January 4, 2012

If you are in France in January you will have a chance to try the “Galette des Rois”, the traditional French cake (served on the first Sunday following January 1st) for the Epiphany, but eaten throughout the month of January.

Also known as le jour des Rois, the Epiphany is the day when the three kings visited baby Jesus. From the Middle Ages, the epiphany has been celebrated with a special Twelfth Night cake, literally called the King’s cake.

Under Louis XIV, the Church considered this festival as a pagan celebration and as an excuse for indulgence, and it was subsequently banned. To get around this ban, it became la fête du bon voisinage (‘neighbourly relations day’). This culinary tradition even survived the French Revolution when it became the ‘Gâteau de l’Egalité (the equality cake).

Depending on the region, the cake comes in different varieties: it can be made of puff pastry or like a brioche, some are filled with almond paste (frangipane), and others are decorated with candied fruits. But what sets the galette des rois apart from other cakes is the fève inside, or even two, which can be a real fava bean or a figurine.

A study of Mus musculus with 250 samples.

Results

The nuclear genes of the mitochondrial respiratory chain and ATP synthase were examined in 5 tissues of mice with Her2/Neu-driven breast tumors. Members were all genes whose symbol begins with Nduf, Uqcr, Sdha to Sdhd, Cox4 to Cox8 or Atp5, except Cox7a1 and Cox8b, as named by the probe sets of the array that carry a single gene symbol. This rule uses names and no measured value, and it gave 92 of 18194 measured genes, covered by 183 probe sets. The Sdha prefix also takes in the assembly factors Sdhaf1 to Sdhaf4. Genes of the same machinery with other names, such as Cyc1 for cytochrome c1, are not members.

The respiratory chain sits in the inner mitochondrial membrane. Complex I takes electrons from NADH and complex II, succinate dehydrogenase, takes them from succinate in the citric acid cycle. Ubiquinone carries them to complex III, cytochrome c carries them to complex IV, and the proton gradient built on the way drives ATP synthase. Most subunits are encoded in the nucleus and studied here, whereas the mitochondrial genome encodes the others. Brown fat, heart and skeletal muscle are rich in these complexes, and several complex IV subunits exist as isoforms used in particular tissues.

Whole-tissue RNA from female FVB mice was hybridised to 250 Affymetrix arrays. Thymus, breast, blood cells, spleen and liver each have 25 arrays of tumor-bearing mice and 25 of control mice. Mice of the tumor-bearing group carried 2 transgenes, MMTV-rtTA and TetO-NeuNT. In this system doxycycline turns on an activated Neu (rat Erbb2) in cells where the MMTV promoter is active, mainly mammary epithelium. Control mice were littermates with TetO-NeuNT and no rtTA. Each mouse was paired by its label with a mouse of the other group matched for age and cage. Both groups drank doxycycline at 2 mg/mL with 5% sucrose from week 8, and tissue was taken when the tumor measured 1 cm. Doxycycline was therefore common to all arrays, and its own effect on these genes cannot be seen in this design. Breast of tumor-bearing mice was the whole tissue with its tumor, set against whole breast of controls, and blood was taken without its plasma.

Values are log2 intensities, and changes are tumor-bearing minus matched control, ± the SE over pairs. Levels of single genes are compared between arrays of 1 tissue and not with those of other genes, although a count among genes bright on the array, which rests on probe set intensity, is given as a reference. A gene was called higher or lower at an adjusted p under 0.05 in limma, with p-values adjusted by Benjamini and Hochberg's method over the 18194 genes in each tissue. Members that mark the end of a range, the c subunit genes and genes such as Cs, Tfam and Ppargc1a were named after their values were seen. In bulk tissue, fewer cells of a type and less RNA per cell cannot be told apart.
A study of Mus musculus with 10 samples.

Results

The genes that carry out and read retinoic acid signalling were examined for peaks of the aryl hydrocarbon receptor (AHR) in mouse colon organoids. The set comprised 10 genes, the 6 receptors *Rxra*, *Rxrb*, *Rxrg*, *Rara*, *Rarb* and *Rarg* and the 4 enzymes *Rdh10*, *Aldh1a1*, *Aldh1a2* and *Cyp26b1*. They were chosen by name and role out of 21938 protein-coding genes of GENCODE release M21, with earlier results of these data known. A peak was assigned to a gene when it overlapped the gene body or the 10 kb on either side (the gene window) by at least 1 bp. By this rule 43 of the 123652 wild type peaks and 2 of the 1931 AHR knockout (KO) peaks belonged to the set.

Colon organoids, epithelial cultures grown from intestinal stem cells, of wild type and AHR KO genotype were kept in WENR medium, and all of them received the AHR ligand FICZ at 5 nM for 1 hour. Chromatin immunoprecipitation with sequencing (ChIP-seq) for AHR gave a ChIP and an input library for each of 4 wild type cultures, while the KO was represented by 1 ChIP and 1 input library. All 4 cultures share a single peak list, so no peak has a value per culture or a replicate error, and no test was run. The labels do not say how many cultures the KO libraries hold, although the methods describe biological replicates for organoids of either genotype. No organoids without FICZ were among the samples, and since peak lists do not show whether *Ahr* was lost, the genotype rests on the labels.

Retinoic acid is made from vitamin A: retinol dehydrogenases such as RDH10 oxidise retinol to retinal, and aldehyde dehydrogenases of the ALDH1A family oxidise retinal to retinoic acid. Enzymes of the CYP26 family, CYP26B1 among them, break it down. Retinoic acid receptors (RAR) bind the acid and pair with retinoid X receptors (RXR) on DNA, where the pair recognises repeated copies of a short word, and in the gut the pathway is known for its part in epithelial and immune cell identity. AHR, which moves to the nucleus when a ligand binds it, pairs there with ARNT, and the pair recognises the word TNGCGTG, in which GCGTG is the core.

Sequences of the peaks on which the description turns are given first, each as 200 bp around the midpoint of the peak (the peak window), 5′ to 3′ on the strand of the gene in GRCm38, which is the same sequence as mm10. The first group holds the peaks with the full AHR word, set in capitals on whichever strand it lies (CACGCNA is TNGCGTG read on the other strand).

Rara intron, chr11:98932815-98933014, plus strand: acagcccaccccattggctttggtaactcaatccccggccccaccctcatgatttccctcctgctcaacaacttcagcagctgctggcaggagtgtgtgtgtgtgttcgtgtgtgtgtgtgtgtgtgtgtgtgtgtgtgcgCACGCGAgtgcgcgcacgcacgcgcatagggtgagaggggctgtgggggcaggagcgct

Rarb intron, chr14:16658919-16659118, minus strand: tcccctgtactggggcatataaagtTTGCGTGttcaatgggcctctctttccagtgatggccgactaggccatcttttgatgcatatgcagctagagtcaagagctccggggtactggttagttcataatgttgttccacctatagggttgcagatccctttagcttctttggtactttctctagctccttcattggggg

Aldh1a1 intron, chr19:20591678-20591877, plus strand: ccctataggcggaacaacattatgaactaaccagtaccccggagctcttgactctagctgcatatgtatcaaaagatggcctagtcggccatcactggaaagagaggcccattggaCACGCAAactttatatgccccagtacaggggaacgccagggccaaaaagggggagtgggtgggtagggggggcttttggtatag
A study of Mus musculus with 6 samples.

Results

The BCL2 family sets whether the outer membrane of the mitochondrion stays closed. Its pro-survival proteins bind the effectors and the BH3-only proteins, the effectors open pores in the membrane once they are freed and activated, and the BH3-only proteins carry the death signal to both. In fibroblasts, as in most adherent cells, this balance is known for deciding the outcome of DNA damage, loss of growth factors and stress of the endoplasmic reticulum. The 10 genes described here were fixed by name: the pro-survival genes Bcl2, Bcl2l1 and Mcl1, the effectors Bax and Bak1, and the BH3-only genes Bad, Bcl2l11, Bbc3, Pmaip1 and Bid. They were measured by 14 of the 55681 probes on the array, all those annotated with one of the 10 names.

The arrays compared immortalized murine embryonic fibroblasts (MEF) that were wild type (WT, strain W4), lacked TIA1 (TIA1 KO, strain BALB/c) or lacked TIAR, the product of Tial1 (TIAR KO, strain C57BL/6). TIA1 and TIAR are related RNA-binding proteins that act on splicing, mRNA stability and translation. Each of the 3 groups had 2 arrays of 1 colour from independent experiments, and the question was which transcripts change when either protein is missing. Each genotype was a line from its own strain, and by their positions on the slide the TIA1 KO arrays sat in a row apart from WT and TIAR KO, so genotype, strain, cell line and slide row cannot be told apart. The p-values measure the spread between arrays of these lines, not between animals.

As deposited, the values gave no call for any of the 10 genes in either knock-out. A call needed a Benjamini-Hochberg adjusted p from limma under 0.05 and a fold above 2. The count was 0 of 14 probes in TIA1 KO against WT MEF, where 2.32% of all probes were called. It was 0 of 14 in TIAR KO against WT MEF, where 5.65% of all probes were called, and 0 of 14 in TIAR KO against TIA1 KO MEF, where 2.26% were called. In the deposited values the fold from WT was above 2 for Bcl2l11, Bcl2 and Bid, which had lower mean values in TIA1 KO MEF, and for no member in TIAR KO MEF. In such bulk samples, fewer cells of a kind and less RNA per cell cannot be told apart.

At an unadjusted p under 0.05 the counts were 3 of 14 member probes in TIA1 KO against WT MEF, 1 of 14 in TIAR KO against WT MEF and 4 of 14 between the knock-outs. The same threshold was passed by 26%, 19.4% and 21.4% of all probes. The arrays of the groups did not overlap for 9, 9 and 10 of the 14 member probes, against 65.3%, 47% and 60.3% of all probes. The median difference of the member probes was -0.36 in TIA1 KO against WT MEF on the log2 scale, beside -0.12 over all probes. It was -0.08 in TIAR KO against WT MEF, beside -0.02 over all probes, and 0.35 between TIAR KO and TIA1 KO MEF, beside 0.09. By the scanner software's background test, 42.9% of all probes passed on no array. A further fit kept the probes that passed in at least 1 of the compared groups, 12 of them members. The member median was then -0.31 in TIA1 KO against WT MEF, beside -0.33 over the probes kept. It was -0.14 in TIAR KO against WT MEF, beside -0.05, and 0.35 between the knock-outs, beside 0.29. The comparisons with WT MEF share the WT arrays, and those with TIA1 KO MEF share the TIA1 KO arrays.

The lucky one who finds the charm is then crowned king or queen. Each cake comes with two crowns as well—one for the king or queen and the other for his queen or her king, whom they choose by dropping the trinket into their glass.

  1. January 5, 2012 8:30 am

    So now I will look up a recipe so I can join in the celebration.

  2. January 21, 2012 5:40 pm

    Hi, didn’t know about the trinket in the glass! Another tradition a lot of French families follow is that the youngest child goes under the table and indicates which piece is for which person.